Four Impacts of Ocean Warming

A warmer ocean puts the whole world in hot water

A mollusk swims up to a sea cucumber. The mollusk looks around at the reef and says (because in jokes everyone talks) to the sea cucumber, “I think we’re in hot water.” I’m no clownfish, but I think Marlin may have told this joke if Finding Nemo came out in 2024. 

You might ask why a fish would make jokes about the temperature. Well, if you have been reading the news or following our blogs, you know the ocean is getting hotter due to humans burning fossil fuels. In fact, 90% of all global warming is occurring in our ocean. April 2024 was the thirteenth month in a row that the global monthly sea surface temperature was the warmest on record and the North Atlantic broke temperature records 421 days in a row. It’s not just the temperatures which are alarming but how much higher these temperatures are between now and previous years: 0.5°F more than previous years whereas previous records were often broken by a margin of 0.1°F or less. Warming is devastatingly worse than expectations.

Imagine you were in your living room, and someone dialed up the thermostat. Would you be uncomfortable? Would you choose a different meal or a cold drink? Change locations? What if the temperature continued to rise?

Like humans, fish, marine mammals and all the living creatures in the sea are sensitive to temperature fluctuations, and unfortunately, rising temperatures are no joke for ocean life. Here are four ocean (of many) impacts that will continue to get worse without ambitious climate action:

  1. Coral bleaching
    When temperatures rise in the ocean, corals become stressed and expel their symbiotic algae which produce the beautiful colors we associate with reefs (including Marlin and Nemo’s home). Without the algae, corals turn a ghostly white and become vulnerable to starvation and disease. Mass coral die offs have taken their toll on iconic reefs around the world, from Florida to the South Pacific. Clownfish, and other reef animals, suffer as well exhibiting stressbehavior changes and decreasing in abundance
  2. Fish on the move
    Fish, and the other animals who depend upon them, prefer a specific temperature range. As waters warm, these species move towards Earth’s poles and deeper to find cooler water. Fish shifting their geographic range may see population declines. The climate-driven migration puts marine mammals, like whales, at risk because they are following these prey species and moving into new locations, which could bring them into contact with shipping lanes. Fishermen may have to shift the species they fish for or the locations where they fish, which has impacts on fishing-dependent communities.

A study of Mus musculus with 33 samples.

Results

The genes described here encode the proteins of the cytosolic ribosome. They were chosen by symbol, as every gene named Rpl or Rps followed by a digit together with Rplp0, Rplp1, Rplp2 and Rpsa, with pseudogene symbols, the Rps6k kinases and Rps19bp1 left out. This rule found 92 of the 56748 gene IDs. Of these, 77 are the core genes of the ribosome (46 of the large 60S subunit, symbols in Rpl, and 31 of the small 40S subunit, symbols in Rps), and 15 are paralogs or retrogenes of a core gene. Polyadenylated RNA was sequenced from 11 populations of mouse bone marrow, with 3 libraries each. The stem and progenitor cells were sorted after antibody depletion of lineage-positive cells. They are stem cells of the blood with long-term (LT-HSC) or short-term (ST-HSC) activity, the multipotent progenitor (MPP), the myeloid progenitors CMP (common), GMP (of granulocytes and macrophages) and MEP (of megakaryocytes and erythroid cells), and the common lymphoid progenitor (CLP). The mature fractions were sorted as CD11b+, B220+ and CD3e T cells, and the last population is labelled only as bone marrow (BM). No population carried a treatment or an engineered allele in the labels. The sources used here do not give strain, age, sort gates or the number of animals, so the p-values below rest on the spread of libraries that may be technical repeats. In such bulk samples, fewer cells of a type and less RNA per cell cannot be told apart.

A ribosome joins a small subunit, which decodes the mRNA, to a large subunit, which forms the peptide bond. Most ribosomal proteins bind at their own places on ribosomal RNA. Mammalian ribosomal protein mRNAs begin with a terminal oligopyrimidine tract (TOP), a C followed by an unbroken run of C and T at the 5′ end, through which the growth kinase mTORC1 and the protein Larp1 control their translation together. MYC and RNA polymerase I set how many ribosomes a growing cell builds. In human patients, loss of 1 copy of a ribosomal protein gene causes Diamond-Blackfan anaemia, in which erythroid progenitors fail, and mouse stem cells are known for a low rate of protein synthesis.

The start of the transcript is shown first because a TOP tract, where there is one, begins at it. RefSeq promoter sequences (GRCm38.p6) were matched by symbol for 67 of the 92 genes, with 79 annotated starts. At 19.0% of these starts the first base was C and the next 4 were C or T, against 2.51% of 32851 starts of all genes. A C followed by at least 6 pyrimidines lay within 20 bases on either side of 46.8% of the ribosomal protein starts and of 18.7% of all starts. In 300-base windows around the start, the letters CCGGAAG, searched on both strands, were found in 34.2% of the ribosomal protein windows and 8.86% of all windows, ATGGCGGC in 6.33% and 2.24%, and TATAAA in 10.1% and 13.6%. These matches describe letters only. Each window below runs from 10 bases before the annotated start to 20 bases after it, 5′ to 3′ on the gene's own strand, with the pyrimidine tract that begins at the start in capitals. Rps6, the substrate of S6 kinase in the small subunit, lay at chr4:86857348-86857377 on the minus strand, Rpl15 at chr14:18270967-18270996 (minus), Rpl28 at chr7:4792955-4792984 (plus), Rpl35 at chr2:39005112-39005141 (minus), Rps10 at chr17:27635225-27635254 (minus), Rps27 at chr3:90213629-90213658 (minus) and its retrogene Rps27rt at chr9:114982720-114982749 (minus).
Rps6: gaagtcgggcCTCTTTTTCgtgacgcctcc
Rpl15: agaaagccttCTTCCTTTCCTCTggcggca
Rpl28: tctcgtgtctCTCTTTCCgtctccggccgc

3. Harmful algae blooms
    Higher ocean temperatures, when combined with excess nutrients from water pollution (think runoff from stormwater, sewage overflows and agriculture), can result in more frequent and intense harmful algal blooms (HABs). These HABs, which have occurred in 82% of coastal countries, can create areas in the ocean with little to no oxygen and also produce toxins which kill marine animals and threaten public health and coastal economies. HABs are also found in Arctic waters as a result of ocean warming in this chilly region.
  4. Coastal ecosystem loss
    On top of these impacts, coastal ecosystems face additional threats from a hotter ocean, too. For example, oyster reefs along the coast (and people who eat them) are threatened by dangerous bacteria, like Vibrio, which thrive in warmer waters. Warmer water expands and causes glaciers and sea ice to melt; these impacts combine to result in higher sea levels. Sea level rise is drowning coastal plants like seagrass and causing erosion, especially during increasingly severe storms. Ocean warming is reducing the natural protection our coastal habitats offer to nearby communities.

A warmer ocean puts the whole world in hot water. The more we drill for and use oil and gas for energy and plastics, the hotter our ocean will continue to get. 

But we can protect our ocean by phasing out oil and gas, including offshore drilling, and switching to renewable energy sources, such as responsible offshore wind and other marine renewable energy. 


While this might mean building in the ocean, there are responsible and just ways to ensure offshore wind is safe for the marine environment and coastal communities. In the end, the long-term risks of climate change and inaction pose a far greater threat to the ocean and all life that depends on it.

Ocean Conservancy is leading the global push for 100% clean, responsible ocean energy by 2050 to help address climate change and protect the ocean. Join the fight by taking action to protect our ocean and coasts.